Wednesday, 29 October 2014

PLIGHT OF THE RED-BREASTED FLYCATCHER AT BEACHY HEAD

Red-breasted Flycatcher admirers
I managed to drag myself out of bed early on Monday morning and was on the road heading south before sunrise in the hope of seeing the Red-breasted Flycatcher that has been present since last Wednesday in the old trapping area just half a mile down the road from Beachy Head.

One of many birds on my list of scarce migrants I have yet to see, Red-breasted Flycatchers have been dotted around the east coast since last month, and being unable to take the time off to go birding recently I expected the chance to twitch one to pass me by for another year.

The skies were clear overnight, which was also concern, as it would have been the ideal opportunity for this flycatcher to move on – but after parking up in relatively warm early morning sunshine I joined two other local birders staring into the bushes and within a few minutes the Red-breasted Flycatcher popped up on a branch.

The Red-brested Flycatcher was very obliging
These are the sort of birding mornings, when I have work in the afternoon, that I like. You turn up, walk a few yards and the bird appears within minutes.


And what a little stunner it was. Very active and full of character, it also sat still long enough in the sunshine for a few digiscope photos. It was occasionally chased off by a Robin, but generally it appeared happy enough in this small area.


But appearances can be deceiving. I couldn't help feeling a tinge of sadness as I observed this beautiful little bird basically living on borrowed time.


I'm often on Twitter and follow many birders, including Lee Evans, who will often remind those of us who wish to twitch a rarity of how precarious the situation is for them. The fact this one has stayed put for so long – it was still present yesterday – is a cause of concern for its overall well being.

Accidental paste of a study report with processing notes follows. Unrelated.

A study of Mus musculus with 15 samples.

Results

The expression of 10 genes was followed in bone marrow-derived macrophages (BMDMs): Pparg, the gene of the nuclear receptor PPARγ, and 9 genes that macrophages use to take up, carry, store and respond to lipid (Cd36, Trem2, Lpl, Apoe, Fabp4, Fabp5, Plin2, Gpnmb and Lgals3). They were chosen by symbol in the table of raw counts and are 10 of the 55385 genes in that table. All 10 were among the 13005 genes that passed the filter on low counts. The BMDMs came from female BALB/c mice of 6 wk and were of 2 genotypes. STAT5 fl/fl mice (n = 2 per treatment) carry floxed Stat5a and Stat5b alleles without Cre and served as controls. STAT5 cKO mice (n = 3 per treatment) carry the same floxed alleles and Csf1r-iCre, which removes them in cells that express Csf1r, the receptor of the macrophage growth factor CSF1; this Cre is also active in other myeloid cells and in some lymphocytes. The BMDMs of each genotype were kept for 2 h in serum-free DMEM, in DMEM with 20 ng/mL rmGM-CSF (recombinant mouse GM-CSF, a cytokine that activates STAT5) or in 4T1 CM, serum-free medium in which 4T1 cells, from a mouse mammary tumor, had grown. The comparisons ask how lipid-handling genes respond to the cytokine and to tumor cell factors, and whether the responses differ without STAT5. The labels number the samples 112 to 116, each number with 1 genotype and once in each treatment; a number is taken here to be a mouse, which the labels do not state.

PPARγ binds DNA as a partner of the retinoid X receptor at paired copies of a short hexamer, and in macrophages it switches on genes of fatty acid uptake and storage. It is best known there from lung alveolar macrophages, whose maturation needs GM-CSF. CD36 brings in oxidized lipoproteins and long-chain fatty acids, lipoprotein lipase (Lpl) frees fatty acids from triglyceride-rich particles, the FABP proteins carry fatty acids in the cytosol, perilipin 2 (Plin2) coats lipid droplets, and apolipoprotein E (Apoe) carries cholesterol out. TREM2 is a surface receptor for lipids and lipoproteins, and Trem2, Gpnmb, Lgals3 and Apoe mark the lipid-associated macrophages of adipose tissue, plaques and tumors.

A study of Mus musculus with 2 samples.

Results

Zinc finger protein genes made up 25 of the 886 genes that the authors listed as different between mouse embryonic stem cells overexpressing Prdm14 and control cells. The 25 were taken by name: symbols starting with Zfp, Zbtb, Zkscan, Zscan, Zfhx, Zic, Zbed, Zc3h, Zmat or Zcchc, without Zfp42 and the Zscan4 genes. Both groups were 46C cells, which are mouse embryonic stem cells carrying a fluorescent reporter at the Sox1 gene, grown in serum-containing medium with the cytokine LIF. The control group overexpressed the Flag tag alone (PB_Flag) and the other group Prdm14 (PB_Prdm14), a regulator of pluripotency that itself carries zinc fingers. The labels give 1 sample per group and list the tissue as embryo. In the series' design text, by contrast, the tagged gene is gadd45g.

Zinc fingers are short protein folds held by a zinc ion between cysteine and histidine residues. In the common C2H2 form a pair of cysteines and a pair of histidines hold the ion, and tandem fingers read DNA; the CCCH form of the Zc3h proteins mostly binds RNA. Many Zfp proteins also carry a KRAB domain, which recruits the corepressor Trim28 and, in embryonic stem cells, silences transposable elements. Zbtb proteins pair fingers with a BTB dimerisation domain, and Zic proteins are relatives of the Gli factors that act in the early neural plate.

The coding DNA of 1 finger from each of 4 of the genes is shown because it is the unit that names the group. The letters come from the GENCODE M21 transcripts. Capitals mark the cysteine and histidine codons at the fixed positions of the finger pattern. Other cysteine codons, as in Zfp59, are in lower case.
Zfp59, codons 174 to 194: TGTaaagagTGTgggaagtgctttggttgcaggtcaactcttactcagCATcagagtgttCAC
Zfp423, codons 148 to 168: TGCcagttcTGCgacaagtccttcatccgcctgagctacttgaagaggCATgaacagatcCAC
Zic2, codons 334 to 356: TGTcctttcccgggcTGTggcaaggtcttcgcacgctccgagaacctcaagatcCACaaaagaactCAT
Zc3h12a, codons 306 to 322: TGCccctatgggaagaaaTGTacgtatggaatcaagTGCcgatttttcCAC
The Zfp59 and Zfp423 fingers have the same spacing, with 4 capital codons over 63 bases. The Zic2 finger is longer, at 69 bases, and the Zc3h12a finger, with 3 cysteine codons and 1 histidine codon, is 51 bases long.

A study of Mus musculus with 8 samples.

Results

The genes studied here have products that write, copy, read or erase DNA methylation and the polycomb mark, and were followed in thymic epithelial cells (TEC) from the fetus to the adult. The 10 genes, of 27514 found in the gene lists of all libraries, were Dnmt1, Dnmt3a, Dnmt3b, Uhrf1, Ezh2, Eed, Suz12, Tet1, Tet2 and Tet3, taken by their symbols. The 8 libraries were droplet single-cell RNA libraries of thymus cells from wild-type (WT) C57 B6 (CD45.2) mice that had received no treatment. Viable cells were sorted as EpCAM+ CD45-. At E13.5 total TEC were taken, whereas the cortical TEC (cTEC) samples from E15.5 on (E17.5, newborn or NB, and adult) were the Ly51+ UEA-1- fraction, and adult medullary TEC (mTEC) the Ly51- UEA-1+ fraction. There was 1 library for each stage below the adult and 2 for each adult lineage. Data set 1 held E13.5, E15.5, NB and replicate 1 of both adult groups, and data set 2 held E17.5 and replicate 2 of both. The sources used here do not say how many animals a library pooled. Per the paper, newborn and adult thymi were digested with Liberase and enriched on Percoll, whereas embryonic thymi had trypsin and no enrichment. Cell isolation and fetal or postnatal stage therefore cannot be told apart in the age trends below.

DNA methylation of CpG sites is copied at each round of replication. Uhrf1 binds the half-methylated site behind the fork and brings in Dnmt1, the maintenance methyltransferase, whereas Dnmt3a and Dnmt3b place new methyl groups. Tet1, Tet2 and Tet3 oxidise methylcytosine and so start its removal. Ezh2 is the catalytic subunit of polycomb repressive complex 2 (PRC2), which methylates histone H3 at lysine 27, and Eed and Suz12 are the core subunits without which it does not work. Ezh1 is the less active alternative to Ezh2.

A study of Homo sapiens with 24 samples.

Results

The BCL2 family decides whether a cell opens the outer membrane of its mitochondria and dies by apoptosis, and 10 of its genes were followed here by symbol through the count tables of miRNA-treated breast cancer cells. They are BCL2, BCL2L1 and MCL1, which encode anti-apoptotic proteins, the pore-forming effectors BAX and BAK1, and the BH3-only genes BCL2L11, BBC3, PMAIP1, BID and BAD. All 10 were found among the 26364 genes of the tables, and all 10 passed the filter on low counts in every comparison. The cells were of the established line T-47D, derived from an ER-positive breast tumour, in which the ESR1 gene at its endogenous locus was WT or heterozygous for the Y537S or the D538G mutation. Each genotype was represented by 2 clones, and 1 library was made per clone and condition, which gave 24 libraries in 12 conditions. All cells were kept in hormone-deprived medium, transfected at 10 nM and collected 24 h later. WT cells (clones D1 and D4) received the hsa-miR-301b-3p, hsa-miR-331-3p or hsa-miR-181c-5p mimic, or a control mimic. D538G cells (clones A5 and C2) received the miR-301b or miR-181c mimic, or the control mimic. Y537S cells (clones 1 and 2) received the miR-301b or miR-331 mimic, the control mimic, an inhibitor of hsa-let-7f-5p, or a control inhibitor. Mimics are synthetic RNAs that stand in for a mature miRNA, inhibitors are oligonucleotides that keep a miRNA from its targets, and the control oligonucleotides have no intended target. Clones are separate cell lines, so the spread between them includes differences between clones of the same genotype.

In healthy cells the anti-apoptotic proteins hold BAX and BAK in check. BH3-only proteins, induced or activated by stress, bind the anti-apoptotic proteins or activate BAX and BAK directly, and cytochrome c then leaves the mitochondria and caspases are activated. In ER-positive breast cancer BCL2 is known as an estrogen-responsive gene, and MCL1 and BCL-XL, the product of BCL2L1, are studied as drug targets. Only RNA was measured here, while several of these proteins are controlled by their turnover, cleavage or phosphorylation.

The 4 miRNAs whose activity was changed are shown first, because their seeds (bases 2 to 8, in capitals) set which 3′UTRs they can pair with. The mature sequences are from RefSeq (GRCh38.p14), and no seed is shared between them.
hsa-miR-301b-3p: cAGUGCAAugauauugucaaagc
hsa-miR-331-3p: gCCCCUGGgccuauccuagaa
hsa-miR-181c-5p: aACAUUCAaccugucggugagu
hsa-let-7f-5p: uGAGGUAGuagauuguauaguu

The plight of rare birds is one of the downsides of twitching. While we watch, admire and enjoy the overall experience, the bird in question is likely to perish.

The Red-breasted Flycatcher: a picture postcard bird
This flycatcher should be on its way to southern Asia and it still has a long journey to go. I keep my fingers crossed for this smashing bird.

On the way back home, I had a quick look around the Horseshoe Plantation, which didn't produce anything interesting. I did see a Peregrine swooping around the fields opposite as well as a few Raven cronking overhead.

Then heading back up the M23 I couldn't resist a quick visit to Beddington for the Bearded Tits to add bird no.200 to my Surrey/Spelthorne list. It would concluded a good morning had they appeared. But they didn't. Not a peep.

Later in the afternoon I grabbed a few minutes to walk around Canons Farm in the hope of finding a Ring Ouzel, but I drew a blank there too. Instead I had great views of what appears to be a resident Peregrine, my second of the day, and a solitary Stonechat.

The orchards at Elmley Marshes on Sheppey beckon on Saturday morning.